So I've been struggling to realize my game ideas on the 32X for almost a year now. I can get the basic game working now. Still many ways to optimize, let alone gameplay, graphics and sound work that is needed for a real game. There are so many limitations on the 32X that I do get frustrated. Since I also own a PSX (I sold my family's Sega Saturn), I am looking if it would make more sense to jump ship to the PSX dev community?
To continue developing for 32X I need to make the following investments:
- Need Sega Gen A/C adapter
- Need flash cart, such as Mega Everdrive ($140 -$209)
- I haven't used my Sega or 32X in years, so it may not work
On the software side, 32X has many limitations (probably one reason why it wasn't a successful platform). I am really interested in the 2D style graphics of 16-bit and old arcade games. For PlayStation think Castlevania:SOTN, Street Fighter Alpha or Suikoden.
From my perspective, 32X has cons to making really good 2D games:
- No basic software library. Everything from drawing a sprite to playing a sound you need to figure out how to do yourself.
- No hardware support for "cool" effects, transparency, sprite scaling, rotations
- Unlike 16-bit consoles, and some arcade hardware, no layers or sprite HW support: There are just framebuffers that you draw graphics onto, this makes things like scrolling layers, parallax difficult and you have to redraw most of the screen each frame to update sprites against the background.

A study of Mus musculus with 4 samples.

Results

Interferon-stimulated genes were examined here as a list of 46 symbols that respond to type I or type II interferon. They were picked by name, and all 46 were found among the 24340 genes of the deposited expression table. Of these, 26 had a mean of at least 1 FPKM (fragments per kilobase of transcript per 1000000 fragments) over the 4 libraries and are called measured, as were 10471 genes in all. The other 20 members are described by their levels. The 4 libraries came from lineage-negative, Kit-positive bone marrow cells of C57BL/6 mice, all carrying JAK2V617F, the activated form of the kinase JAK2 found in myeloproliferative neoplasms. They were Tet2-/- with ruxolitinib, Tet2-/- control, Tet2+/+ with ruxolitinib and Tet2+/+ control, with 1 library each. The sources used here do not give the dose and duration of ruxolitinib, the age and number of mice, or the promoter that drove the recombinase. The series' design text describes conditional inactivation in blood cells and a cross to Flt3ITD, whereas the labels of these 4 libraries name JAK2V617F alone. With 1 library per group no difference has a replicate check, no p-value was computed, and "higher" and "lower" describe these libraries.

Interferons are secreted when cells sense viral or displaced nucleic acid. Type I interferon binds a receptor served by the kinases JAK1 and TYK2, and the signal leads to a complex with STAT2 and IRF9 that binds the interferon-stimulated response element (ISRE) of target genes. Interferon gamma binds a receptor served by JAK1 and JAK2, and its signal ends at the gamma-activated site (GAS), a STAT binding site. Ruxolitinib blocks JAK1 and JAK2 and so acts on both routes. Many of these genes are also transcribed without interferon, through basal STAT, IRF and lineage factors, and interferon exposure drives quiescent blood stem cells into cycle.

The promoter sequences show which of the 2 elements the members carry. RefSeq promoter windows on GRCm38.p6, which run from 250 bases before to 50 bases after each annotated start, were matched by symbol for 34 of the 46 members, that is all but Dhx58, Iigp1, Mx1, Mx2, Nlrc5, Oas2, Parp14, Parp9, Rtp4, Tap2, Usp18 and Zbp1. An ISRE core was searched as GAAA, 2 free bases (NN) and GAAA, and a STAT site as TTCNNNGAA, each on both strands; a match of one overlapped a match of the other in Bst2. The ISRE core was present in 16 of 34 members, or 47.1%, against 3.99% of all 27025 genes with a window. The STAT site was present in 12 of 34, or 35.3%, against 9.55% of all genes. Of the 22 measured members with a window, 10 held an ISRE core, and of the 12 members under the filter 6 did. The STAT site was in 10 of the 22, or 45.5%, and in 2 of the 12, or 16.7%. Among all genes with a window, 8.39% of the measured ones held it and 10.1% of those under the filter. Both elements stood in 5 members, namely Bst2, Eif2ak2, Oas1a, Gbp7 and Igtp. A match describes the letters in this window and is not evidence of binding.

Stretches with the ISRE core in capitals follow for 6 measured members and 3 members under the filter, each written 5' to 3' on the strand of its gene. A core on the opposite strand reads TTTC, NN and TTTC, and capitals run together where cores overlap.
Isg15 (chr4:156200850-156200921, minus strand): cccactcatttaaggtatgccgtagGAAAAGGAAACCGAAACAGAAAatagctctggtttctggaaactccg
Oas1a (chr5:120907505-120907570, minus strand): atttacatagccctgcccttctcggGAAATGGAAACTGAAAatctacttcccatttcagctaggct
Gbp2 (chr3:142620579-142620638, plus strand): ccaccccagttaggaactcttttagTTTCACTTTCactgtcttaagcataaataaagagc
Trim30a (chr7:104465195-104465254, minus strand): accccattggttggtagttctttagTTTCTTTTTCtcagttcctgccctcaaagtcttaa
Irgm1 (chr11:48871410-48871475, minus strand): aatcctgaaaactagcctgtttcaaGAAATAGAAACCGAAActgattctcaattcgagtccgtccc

- Heterogeneous CPUs: The 32X has dual Hitachi SH2 processors. The console as a whole is supposed to work with the Genesis' Motorolla 68000. There are other sound chips on the Genesis as well, let alone Sega CD. Compiling is complex and requires various custom GCC toolchains you have to build yourself. The Genesis software libraries (SGDK) are not compatible with the current code people have written for 32X. Handling the parallel processing nature of programs is another challenge to spread the work efficiently, avoid deadlocks, caching issues, bus restrictions. I can get away without a lot of assembly knowledge, though I am limited, to less efficient C code.
- Without using bankswitching, cartridge ROM size is about 5MB. That's not really a lot of uncompressed image data for 2d games. The most compact format is 8bpp images (1 pixel = 1 byte). you can compress the image data in ROM, but that means you need to decompress into RAM, but only 256KB ram is too small to hold many graphics either.
- Few tools exist for converting images or sound data into formats that can be processed and used by 32X hardware. Its sort of frustrating to have to build the entire infrastructure, you get the sense most in the homebrew scene don't bother with more than a few token images or sounds, rarely does anyone make a real "game" unless it's a port of a PC game.
So my question to you all: Compared to 32X, How does PSX Homebrew development compare both at a hardware level as well as a homebrew support level? Especially with 2d type games?
- How much "investment" would I need to run games on real hardware?